WHY DM CHRIST DIE? by Dr. Herbert Wood (Epworth Press, 4s. 6d.).
PAUL, by Martin Dibelius (Longmans, 7s. 6d.).
IF we are to share with other Christians what they, as yet, have not, if we are to be workers for the Unity of all Christians as well as wishers, and prayers, then we must share with them what they have in as full a measure as we ourselves. If in the first "sharing" it is we who wish to give, direct and change, then in the second "sharing" it should be we who are prepared to receive and take.
Non-Catholics in general keep themselves informed of movements, studies, writings and books by Catholics, and the very first words of active recognition of our common bond in some kind of Christianity requires that we know something of the "kind" and "quality."
There is of course a certain validity and reasonableness in the attitude of the Catholic who says : "Why should I bother to read even good books by non-Catholics when there are excellent ones by Catholics that I have not rear! or that will serve my purpose of study or devotion just as well? And further there is the positive instruction and disciplioe of the Church which forbids me to read heretical books, or such as might endanger my faith.'
This is clearly a difficult and delicate subject. But it is neither so difficult nor so delicate as to serve as eitner a justification or an excuse for a complete retiring, a cutting of one's self off for mere exclusiveness and cliquiness.
The two books mentioned at the head of this column are not only the proximate cause of these reflections. They are also books which undoubtedly should be read as significant in their own communions, but also as offering considerable profit to Catholics. One is by a German scholar of international repute, Martin Dibelius, and the second by an English Nonconformist.
WHY Did Christ Die? is a small book which stems from a series of talks given by Dr. Wood in the B.B.C.'s Midland Home Service last year about this time. The series was entitled "Reading Your Bible," which might have proved a little offputting for the average Catholic; but the hook, better named, reveals more clearly the substance of these excel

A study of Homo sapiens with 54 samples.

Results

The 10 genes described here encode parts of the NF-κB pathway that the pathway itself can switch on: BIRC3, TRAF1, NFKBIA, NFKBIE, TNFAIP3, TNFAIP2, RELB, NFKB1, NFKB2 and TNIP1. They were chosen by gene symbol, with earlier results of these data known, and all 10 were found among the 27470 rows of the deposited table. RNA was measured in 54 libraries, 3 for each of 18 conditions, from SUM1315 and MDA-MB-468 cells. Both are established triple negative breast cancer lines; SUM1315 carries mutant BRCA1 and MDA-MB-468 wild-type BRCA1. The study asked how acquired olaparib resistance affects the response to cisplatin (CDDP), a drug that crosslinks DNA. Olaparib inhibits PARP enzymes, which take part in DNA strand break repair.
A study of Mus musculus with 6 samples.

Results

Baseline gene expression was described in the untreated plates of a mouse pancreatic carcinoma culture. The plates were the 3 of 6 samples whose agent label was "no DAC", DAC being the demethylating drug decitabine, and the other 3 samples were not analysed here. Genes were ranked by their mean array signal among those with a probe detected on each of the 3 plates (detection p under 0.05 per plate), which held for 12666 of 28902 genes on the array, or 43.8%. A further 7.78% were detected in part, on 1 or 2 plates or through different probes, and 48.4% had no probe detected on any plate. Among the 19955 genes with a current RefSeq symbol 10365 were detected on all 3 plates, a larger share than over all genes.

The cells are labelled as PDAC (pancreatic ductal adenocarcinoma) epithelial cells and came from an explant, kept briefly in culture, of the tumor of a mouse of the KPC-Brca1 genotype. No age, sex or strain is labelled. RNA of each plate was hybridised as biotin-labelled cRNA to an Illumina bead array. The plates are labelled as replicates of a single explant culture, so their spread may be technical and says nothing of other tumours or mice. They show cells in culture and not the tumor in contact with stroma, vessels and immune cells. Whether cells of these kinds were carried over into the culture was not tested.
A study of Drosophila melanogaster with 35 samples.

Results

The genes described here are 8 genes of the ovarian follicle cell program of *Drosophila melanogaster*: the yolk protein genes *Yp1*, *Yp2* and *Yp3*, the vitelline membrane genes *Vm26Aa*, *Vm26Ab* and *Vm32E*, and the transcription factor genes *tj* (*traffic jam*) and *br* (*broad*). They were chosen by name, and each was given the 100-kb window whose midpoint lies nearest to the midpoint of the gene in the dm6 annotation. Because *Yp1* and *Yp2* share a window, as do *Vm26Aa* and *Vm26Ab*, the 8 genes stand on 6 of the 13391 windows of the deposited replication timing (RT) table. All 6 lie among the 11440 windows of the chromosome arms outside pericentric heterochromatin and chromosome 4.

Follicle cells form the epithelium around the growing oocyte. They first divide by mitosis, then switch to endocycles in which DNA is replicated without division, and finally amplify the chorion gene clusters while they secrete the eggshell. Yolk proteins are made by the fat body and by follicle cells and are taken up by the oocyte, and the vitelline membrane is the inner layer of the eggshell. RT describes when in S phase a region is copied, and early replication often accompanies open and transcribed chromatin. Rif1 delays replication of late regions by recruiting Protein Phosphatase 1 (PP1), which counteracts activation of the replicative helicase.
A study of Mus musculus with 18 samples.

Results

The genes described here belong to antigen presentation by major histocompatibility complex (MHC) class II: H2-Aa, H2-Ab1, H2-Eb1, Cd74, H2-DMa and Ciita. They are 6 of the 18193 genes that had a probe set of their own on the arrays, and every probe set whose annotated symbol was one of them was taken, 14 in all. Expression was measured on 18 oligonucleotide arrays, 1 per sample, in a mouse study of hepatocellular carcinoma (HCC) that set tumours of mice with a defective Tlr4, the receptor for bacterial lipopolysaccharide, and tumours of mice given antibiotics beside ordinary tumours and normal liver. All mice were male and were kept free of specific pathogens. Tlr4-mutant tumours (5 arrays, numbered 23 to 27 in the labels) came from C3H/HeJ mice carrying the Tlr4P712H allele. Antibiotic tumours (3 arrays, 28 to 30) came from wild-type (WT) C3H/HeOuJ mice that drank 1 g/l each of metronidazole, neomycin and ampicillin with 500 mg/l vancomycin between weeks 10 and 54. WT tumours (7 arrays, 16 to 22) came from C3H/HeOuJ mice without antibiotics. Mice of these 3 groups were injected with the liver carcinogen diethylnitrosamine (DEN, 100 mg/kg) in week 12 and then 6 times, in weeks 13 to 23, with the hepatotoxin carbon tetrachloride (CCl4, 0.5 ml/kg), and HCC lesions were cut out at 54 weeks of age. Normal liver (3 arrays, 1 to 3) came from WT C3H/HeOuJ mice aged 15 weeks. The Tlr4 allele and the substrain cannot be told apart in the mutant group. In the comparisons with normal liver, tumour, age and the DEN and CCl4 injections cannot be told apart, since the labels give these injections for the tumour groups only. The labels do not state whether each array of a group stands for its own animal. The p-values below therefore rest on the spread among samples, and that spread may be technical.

They do in fact face and answer from the traditional teaching of the Church and particularly from the Holy Scripture the awful question, Why did Christ Whose every and smallest act was of infinite redemptive worth, have to die the dreadful death of the cross to save us?
The backFround and reference and illustration in these broadcast talks is modem and up to date: the basic study is the Scriptures, which themselves yield the answer to the question.
Surely quite excellent is that fourth talk or chapter in which "The Offence of the Cross' i3 studied. Very rapidly but very effectively Dr. Wood traces the "Offence of the Cross" from Lucian and Porphyry down to Shaw. All through the 50-odd pages we are made to see the modernity of the questions which St. Paul-passages from whose epistles form the greater part of the texts for study-answered so long ago.
DAM is of course concerned wholly with Saul of Tarsus.
Dr. Debelius, who enjoys an international reputation as a New Testament scholar, died before this book was completed and its editing and finishing is the work of one of his pupils, Dr.,Ktimmel, of Marburg.
. Provided that from the start one realises that one is reading not only the considered opinions of a distinguished scholar and the "faith" of a convinced and earnest Christian, but of one who could write with pontifical finality "The Church's doctrine of original sin does not come from Paul, but is, on the contrary, an erroneous development and extension of his thought." there is very much that is helpful, very much that is firstclass in this book.
Better than any book on the great Apostle of the gentiles that I can immediately recall, he explains "the mode" of St. Paul's thought. and its origin in rabinical practice and teaching.
Excellent, too, is the presentation of the problem of justification through faith as it must have presented itself to St. Paul, the missionary first of all to those who saw in the Law and the keeping of the Law the road to salvation.
The translation by Frank Clarke is unobtrusive and therefore good.
FROM time to time Alcuin rediscovers on his desk books and pamphlets to which he had intended to give a "brief note at least."
Among these is Canon Lane's little Passion Play, If I Be Lifted Up (Burns Oates). It has copious stage directions and some notes on the production which should prove useful to the small parish dramatic society.
From the Catechetical Guild of 147 East Fifth Street, St. Paul, Minnesota, U.S.A., comes something new in the way of catechisms, a Catechism In Verse, illustrated. The idea is good. But why only nursery rhymes?
From Brussels Confileor (Editions Foyer Notre Dame, 24 Blvd. St. Michael, Brussels). This is a method for hearing confessions for those whose language is unknown to the priest.